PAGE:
The U.S. District Attorney for Manhattan, New York is investigating a second death caused by restraining tactics used by city police, authorities said on Friday.
New York authorities are looking into the death of Ronald Singleton, 45, who died in police custody on July 13, only four days before another man died from a chokehold used on him by police on Staten Island.
In a statement, the medical examiner’s office declared Singleton’s death a homicide and said that actions by the police were the catalyst for the death. The death was caused by “physical restraint by police during excited delirium due to acute phencyclidine (PCP) intoxication,” examiner’s office spokeswoman Julie Bolcer said.
Singleton was first confronted by police after a taxi driver flagged them down because his passenger was acting strangely. The police report notes that the driver said that Singleton was “acting overly irate and irrational, cursing and screaming and causing alarm.”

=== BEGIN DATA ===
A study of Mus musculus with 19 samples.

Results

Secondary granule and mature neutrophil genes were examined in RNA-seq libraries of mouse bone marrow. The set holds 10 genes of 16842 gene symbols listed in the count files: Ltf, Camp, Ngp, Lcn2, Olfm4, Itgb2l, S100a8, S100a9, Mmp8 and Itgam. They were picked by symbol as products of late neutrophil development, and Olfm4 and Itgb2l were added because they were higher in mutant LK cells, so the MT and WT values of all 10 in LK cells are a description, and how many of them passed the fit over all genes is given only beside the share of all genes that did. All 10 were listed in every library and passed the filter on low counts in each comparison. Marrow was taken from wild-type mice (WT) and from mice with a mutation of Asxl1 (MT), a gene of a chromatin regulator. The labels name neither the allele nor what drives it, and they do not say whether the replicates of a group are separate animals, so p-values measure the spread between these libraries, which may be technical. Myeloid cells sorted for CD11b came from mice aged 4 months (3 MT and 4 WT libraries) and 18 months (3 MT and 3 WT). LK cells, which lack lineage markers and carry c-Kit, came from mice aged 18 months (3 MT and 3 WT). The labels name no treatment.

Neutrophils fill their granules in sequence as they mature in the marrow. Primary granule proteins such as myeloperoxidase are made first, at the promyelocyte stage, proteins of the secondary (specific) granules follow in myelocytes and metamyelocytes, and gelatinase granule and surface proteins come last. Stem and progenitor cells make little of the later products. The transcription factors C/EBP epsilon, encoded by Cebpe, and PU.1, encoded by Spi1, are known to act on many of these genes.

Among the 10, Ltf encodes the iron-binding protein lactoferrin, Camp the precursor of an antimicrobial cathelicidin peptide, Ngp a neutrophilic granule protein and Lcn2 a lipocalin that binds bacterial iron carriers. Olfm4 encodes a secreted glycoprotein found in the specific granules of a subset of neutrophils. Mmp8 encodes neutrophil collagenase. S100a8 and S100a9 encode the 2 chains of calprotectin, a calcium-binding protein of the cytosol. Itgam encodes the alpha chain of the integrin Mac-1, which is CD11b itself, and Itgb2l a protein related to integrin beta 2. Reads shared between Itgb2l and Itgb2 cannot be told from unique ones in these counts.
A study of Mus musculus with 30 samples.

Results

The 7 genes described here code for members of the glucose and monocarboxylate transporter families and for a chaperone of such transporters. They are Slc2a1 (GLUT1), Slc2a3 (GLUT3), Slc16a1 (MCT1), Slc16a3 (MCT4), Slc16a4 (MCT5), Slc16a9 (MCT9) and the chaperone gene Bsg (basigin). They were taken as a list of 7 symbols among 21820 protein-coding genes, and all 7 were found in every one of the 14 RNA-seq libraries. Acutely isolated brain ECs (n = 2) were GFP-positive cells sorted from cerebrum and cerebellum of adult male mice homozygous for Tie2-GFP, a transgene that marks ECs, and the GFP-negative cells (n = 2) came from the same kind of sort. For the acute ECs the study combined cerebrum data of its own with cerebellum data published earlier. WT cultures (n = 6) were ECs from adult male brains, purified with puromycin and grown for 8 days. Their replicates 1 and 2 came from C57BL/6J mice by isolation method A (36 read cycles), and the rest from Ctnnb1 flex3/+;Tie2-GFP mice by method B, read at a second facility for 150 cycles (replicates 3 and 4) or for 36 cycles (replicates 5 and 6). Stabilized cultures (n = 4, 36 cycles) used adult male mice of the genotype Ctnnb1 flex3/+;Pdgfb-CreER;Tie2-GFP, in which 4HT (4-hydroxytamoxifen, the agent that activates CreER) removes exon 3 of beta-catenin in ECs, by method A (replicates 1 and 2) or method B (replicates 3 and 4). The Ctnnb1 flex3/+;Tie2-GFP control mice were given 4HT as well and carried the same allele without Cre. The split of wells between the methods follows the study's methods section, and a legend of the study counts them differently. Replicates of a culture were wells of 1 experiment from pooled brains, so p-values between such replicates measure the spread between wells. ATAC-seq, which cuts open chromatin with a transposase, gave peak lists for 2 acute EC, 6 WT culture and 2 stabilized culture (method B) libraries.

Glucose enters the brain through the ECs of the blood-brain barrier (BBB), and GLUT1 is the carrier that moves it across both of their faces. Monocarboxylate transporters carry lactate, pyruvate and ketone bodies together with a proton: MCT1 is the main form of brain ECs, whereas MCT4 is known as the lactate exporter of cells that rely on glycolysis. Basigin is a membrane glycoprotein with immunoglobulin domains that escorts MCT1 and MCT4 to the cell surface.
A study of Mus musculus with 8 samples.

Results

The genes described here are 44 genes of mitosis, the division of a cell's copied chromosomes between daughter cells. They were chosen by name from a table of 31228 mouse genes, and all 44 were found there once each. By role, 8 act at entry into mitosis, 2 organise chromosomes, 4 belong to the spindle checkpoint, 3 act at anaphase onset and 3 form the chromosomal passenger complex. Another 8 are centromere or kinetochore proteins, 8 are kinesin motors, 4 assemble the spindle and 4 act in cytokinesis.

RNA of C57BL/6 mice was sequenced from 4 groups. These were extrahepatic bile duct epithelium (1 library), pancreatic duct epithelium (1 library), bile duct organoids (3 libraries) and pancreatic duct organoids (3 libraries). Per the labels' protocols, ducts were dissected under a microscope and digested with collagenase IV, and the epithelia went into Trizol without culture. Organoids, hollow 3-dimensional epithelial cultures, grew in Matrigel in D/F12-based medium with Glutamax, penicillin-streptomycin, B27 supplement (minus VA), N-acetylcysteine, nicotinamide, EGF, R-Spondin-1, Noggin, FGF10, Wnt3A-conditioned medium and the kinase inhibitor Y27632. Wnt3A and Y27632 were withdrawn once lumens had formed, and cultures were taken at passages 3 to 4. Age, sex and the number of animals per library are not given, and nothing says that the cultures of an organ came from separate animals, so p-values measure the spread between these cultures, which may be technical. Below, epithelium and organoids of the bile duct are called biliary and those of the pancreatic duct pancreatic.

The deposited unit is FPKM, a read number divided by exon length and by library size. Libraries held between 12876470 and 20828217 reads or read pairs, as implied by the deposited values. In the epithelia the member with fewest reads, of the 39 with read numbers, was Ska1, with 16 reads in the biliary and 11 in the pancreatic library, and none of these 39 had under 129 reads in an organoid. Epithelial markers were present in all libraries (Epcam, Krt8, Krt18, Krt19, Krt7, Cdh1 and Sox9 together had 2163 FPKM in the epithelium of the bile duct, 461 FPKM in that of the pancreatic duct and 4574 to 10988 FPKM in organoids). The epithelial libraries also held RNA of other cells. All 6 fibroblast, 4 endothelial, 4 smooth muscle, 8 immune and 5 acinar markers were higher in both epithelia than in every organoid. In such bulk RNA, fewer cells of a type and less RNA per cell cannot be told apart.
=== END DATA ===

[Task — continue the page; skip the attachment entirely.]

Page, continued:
It wasn’t long before Singleton began to become combative with the police officer on the scene. The officer quickly called for backup.
After officers from the NYPD Emergency Service Unit arrived they put Singleton in what is termed a “protective body wrap.” But as Singleton was being transported to a hospital he went into cardiac arrest. He was pronounced dead at the hospital.
As the AP reported, police intended to take Singleton for a psychiatric evaluation at a hospital “under the police department’s protocol for emotionally disturbed people,” but he went into cardiac arrest being transported.
This is the second death by police restraint tactics ruled as a homicide in New York.
Also in July, 43-year-old Eric Garner was killed by police on Staten Island after they used a chokehold in an attempted to subdue him.
In that case, the medical examiner’s office said that the police chokehold was the immediate cause of his death but added that the man’s acute and chronic bronchial asthma, obesity, and hypertensive cardiovascular disease were contributing factors.
Responding the Garner’s death, Pat Lynch of the Patrolmen’s Benevolent Association said, “Police officers don’t start their days expecting or wanting something like this to occur in the performance of their duties,” adding, “We believe, however, that if he had not resisted the lawful order of the police officers placing him under arrest, this tragedy would not have occurred.”